Google decided this week to ban “the majority” of advertising on its site from crisis pregnancy centers, or CPCs. Hundreds of these clinics exist in the U.S., and most operate with the goal of dissuading pregnant women from choosing abortion. The tactics begin with the names and locations of many clinics, which are often deliberately near comprehensive women’s health clinics and have similar names; and often falsely claim to employ medical professionals, provide discredited information about abortion and birth control, and violate a woman’s privacy by telling her family that she’s pregnant and considering abortion.
Try and think of one other branch of medicine where opponents of the procedure go to such length to dissuade people from having that procedure. There are no fake plastic surgery clinics where, when you sit down to talk about your nose job, the doctor tries to pray to persuade you not to get one. And say what you will about faith healers and homeopaths, but at least when you walk in the door you know what they’re about.
All of which makes Google’s recent decision to ban crisis pregnancy centers, or CPCs, from AdWords so welcome. Following an investigation by NARAL Pro-Choice America, the company concluded that the ads violated their advertising policy. That policy holds that ads must be “factually supportable” and bans “misleading, inaccurate and deceitful ads.” According to NARAL, 79 percent of CPCs that advertised on the site used false or misleading language in their ads.
This decision is also refreshing because it appears to have been made simply on the basis of facts: that the content of the ads went against the company policy. That shouldn’t even be worth remarking on, except that when it comes to abortion, decision-makers have a funny way of letting assumptions, stigma, and emotion cloud their judgment. Witness the opinion of the Fifth Circuit Court of Appeals earlier this year, where Judge Edith Jones derided the idea that making women drive 300 miles round trip to access abortion care was a burden.
But perhaps the judges on the Ninth Circuit Court of Appeals will be more inclined to look at the facts and expert judgment on a high-profile case that will be argued before the court next week. In 2012, Arizona Gov. Jan Brewer (R) signed into law regulations that require doctors to use an outdated FDA protocol when offering medication abortion and to not offer the procedure after the seventh week of pregnancy.
Just how outdated is the FDA protocol? Well, it’s based on a regimen developed in the late 1980s. Newer medical evidence, research, and protocols all indicate that medication abortion can be used safely into the ninth week of pregnancy; and that the procedure can be effectively performed by using lower doses of medication.
Allowing doctors to use evidence-based medicine, not prescribing unnecessarily high doses of medication, and ensuring that patients have the widest possible range of health care options to choose from all seem to be good developments for women’s health. For that matter, they seem to be good developments for health care in general. It’s hard to imagine that politicians in Arizona, or any one of the other states seeking to restrict medication abortion, would get so fired up about doctors using the most current, reputable research and regimens to treat heart disease, erectile dysfunction, and migraine headaches, especially if their alternative was relying on information that was over 25 years old.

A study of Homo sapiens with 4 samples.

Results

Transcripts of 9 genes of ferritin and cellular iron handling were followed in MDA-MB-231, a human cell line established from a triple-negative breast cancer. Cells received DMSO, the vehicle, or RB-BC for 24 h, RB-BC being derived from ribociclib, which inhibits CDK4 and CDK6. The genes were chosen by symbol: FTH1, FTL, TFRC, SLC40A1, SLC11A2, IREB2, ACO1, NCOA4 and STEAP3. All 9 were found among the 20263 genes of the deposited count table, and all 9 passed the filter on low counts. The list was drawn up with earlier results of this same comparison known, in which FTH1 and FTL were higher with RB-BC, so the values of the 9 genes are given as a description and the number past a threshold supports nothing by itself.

Indeed, two leading medical organizations have spoken out against the restrictions. The American College of Obstetricians and Gynecologists and the American Medical Association have filed an amicus curiae brief in support of the challenge. The brief says, in part, “The Arizona law jeopardizes women’s health by requiring that physicians deny women the benefit of the most current, well-researched, safe, evidence-based, and proven protocols for the provision of medical abortion and, instead, prescribe a regimen that is outdated and less safe. By imposing a regimen that does not serve the best interests of patients, the law also requires that physicians depart from their ethical obligation to provide the best possible care for their patients using their sound medical judgment—insisting, rather, that physicians substitute the judgment of the Arizona legislature for their own.”
So here’s hoping that the Ninth Circuit follows in the footsteps of Google and allows evidence and facts, unclouded by politics and emotion, to carry the day. Not just for the sake of women and families in Arizona, but for the sake of doctors that want to do their job free from unnecessary government interference. Because, as the AMA and ACOG succinctly put it, “the law is bad medicine.”
Sarah Erdreich is the author of Generation Roe: Inside the Future of the Pro-Choice Movement. She lives in Washington, D.C. with her family.